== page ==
I asked doctors why my baby doesn’t look like me — their diagnosis was shocking

I asked doctors why my baby doesn’t look like me — their diagnosis was shocking

A mother says her “gut instinct” told her something was wrong with her baby boy immediately after she gave birth — and doctors soon delivered a devastating diagnosis.

Hannah Doyle’s son, Zander, was diagnosed with Chromosome Deletion Syndrome — a condition that can cause severe congenital anomalies, as well as significant intellectual and physical disabilities.

Doyle, 36, welcomed baby Zander back in October but says she was certain something was unusual as soon as she held him in her arms.

“When I did skin-to-skin contact, he was just different to my other babies and I instantly knew there was something different,” the mom-of-four told South West News Service.

“When I looked at his eyes, they were very swollen and did look a bit almond-like,” she added. “I do believe to this day that it was him telling me, because his eyes look totally different now.”

Hannah Doyle / SWNS
Doyle is yet to learn the severity of Zander's symptoms, and says it is now a waiting game.
Doyle is yet to learn the severity of Zander’s symptoms and says it is now a waiting game.
Hannah Doyle / SWNS

Doyle first became concerned about her unborn baby when she was 26 weeks pregnant. At that time, she found out he had two holes in his heart.

But after giving birth and realizing that baby Xander looked nothing like her other children, she begged doctors to carry out further tests.

Sure enough, the newborn was diagnosed with Chromosome Deletion Syndrome, which results from a loss of parts of chromosomes.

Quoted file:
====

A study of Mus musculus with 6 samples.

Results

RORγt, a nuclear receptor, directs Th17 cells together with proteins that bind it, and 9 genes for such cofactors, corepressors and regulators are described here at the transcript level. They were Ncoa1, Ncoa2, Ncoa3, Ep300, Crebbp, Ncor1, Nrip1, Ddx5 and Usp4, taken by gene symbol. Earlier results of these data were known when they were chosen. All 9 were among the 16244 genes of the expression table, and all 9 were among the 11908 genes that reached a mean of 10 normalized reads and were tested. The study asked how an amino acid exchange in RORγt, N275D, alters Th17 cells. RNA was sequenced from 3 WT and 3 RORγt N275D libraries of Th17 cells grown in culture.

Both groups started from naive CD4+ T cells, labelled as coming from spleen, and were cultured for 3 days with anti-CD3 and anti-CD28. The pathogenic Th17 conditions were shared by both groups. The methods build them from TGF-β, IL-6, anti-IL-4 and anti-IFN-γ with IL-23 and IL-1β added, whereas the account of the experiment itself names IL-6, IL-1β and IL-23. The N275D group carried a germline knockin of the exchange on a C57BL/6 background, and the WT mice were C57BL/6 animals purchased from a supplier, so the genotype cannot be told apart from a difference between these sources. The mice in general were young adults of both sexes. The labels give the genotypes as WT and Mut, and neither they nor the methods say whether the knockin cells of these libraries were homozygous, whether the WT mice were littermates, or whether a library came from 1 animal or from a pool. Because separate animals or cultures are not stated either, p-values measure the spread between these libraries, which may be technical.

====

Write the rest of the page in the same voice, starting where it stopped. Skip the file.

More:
Depending on the location and size, there are several known variations of chromosome deletions. According to Stanford Medicine, 22q11.2 deletion syndrome is the most common, occurring every 1 per 4000–6000 live births.

In children with this syndrome, a tiny piece of chromosome 22 is missing, which can cause a variety of problems, ranging from heart defects to developmental delays and seizures. There may also be physical abnormalities that affect the appearance of eyes, nose and ears.

Doyle says her
Doyle says her “gut instinct” told her something was wrong with her baby boy.
Hannah Doyle / SWNS

“It was a shock and it felt really daunting and really scary because your mind goes into overload and you just start thinking the worst,” Doyle stated. “It was harder because there wasn’t really much explanation to it.”

Indeed, Doyle is yet to learn the severity of Zander’s symptoms and says it will take time to learn how much Chromosome Deletion Syndrome affects him in the future.

“Waiting is the hardest thing because with any other medical condition there are more answers,” she explained. “I can’t find anyone else with the same particular deletion that Zander’s got missing so there’s not even anyone else to compare him to.”

“It could have no impact on him whatsoever or it could,” the mama added, “But the not knowing is hard because you read things and wonder if it will impact him.”

Doyle is yet to learn the severity of Zander's symptoms and says it will take time to learn how much Chromosome Deletion Syndrome affects him.
Doyle is yet to learn the severity of Zander’s symptoms and says it will take time to learn how much Chromosome Deletion Syndrome affects him.
Hannah Doyle / SWNS

For now, however, the 10-week-old tot is just like another ordinary baby.

“He’s doing really well and he’s a happy little baby,” Doyle declared. “He’s on the prescription formula which is helping him grow.

“Now I think it’s more of a massive waiting game really,” she optimistically added. “Just waiting and seeing.”